TOKYO -- Six major Japanese financial institutions are expected to book Toshiba-related losses totaling more than 200 billion yen ($1.79 billion) for the fiscal year ended March 31 amid the conglomerate's struggles.
The list includes four financial groups that are key Toshiba creditors. The Japanese electronics powerhouse -- which is struggling to cope with massive losses incurred by its U.S. nuclear plant subsidiary, Westinghouse Electric -- is looking like a riskier borrower, with its net worth dropping into negative territory and its auditor refusing to sign off on twice-delayed April-December earnings. Major lenders have downgraded Toshiba on a borrower risk assessment scale, requiring them to boost their loan-loss reserves and thus reducing profits.
Mizuho Financial Group and Sumitomo Mitsui Financial Group each had nearly 180 billion yen in outstanding loans to Toshiba at the end of March through subsidiaries Mizuho Bank and Sumitomo Mitsui Banking Corp. Loans from Sumitomo Mitsui Trust Bank, owned by Sumitomo Mitsui Trust Holdings, add up to around 120 billion yen. Toshiba owes a combined 160 billion yen to Mitsubishi UFJ Financial Group units Bank of Tokyo-Mitsubishi UFJ and Mitsubishi UFJ Trust and Banking.
The four groups plan to expand their reserves against losses on these loans from billions of yen to tens of billions of yen, with MUFG reportedly on the high end in the 70 billion yen range. This is not as big a burden on the three megabanks as it is on the smaller Sumitomo Mitsui Trust Holdings, which plans to revise its fiscal 2016 net profit projection downward. Its current estimate is 170 billion yen.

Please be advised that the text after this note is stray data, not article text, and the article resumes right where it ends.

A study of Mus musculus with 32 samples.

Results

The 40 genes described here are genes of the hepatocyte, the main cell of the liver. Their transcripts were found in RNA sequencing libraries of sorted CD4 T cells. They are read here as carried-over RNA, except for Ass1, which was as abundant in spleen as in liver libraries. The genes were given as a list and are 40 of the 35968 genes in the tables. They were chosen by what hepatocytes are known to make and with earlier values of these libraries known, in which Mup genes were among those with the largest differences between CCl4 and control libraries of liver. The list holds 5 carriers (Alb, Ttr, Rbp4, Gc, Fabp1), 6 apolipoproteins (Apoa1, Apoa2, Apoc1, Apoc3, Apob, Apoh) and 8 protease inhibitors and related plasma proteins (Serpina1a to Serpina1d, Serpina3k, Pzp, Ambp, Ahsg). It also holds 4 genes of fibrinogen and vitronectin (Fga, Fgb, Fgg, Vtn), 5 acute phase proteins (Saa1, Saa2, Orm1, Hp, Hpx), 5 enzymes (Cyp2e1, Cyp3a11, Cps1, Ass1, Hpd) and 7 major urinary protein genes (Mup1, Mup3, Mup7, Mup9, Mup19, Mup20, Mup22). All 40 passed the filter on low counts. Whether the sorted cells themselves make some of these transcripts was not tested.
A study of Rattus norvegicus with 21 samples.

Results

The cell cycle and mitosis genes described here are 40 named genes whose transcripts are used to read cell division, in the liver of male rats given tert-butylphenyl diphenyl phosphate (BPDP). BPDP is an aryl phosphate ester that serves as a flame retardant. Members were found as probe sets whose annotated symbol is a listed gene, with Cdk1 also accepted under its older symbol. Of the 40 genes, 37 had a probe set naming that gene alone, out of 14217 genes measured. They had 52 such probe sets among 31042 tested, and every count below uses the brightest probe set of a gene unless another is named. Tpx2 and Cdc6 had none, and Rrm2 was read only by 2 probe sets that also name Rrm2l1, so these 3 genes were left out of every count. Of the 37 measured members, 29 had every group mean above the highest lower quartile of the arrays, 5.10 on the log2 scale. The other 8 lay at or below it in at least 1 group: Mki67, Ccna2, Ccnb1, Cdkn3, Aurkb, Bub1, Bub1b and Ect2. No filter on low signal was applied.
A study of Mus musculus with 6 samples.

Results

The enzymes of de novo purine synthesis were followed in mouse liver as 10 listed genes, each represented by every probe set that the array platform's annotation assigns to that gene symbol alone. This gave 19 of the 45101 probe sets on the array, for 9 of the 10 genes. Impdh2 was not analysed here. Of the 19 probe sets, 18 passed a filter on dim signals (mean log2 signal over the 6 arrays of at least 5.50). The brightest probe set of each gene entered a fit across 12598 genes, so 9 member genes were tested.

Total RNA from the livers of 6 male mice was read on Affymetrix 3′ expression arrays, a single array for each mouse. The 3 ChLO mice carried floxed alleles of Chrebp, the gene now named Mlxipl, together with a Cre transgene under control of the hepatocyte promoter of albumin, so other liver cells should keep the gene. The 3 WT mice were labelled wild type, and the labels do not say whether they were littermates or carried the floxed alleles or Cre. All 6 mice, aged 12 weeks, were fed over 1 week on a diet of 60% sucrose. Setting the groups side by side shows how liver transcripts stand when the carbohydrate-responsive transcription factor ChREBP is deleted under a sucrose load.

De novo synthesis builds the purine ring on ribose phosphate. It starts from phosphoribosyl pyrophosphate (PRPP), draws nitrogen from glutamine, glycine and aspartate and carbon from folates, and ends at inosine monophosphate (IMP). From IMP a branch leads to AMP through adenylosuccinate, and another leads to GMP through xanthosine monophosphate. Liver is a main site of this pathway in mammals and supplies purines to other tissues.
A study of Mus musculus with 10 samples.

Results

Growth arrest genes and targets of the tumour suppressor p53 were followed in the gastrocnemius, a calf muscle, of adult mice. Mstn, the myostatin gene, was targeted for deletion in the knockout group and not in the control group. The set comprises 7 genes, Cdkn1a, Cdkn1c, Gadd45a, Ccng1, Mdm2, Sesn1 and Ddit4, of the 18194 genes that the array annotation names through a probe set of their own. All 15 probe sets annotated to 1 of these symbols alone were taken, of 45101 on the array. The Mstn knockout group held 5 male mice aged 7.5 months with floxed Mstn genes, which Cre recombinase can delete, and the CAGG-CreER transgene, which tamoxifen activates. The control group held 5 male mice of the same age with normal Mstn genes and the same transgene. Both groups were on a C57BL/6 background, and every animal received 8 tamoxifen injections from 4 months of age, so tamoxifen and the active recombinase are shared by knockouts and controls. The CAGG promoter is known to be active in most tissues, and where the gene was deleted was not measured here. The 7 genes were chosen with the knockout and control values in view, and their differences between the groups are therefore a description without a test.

The two MUFG units are considering lowering Toshiba another rung on the risk scale, which would require treating the company's debt as nonperforming but allow lending to continue. Any further downgrades, however, would flag Toshiba as being in danger of bankruptcy, potentially necessitating such steps as debt relief.
Aggregate losses of around 200 billion yen would amount to less than 10% of the four groups' total net profit estimate of roughly 2.3 trillion yen. The lenders are still willing to support Toshiba, expecting the sale of its memory unit to return the conglomerate to positive net worth. Toshiba's offer to put up Toshiba Memory shares as collateral is another point in the company's favor.
But Toshiba partner Western Digital opposes any acquisition of the memory business by a peer. This could bog down the sale and keep Toshiba's net worth in the red, leaving lenders in a difficult position.
Dai-ichi Life Insurance, a subsidiary of Dai-ichi Life Holdings, and Nippon Life Insurance are also set to suffer losses as Toshiba's fifth- and sixth-largest shareholders. Toshiba's troubles have weighed heavily on its shares, which stood at 241 yen apiece at the end of March. The insurers plan to write down the book value of their Toshiba holdings to market value, likely resulting in a combined loss of roughly 35 billion yen.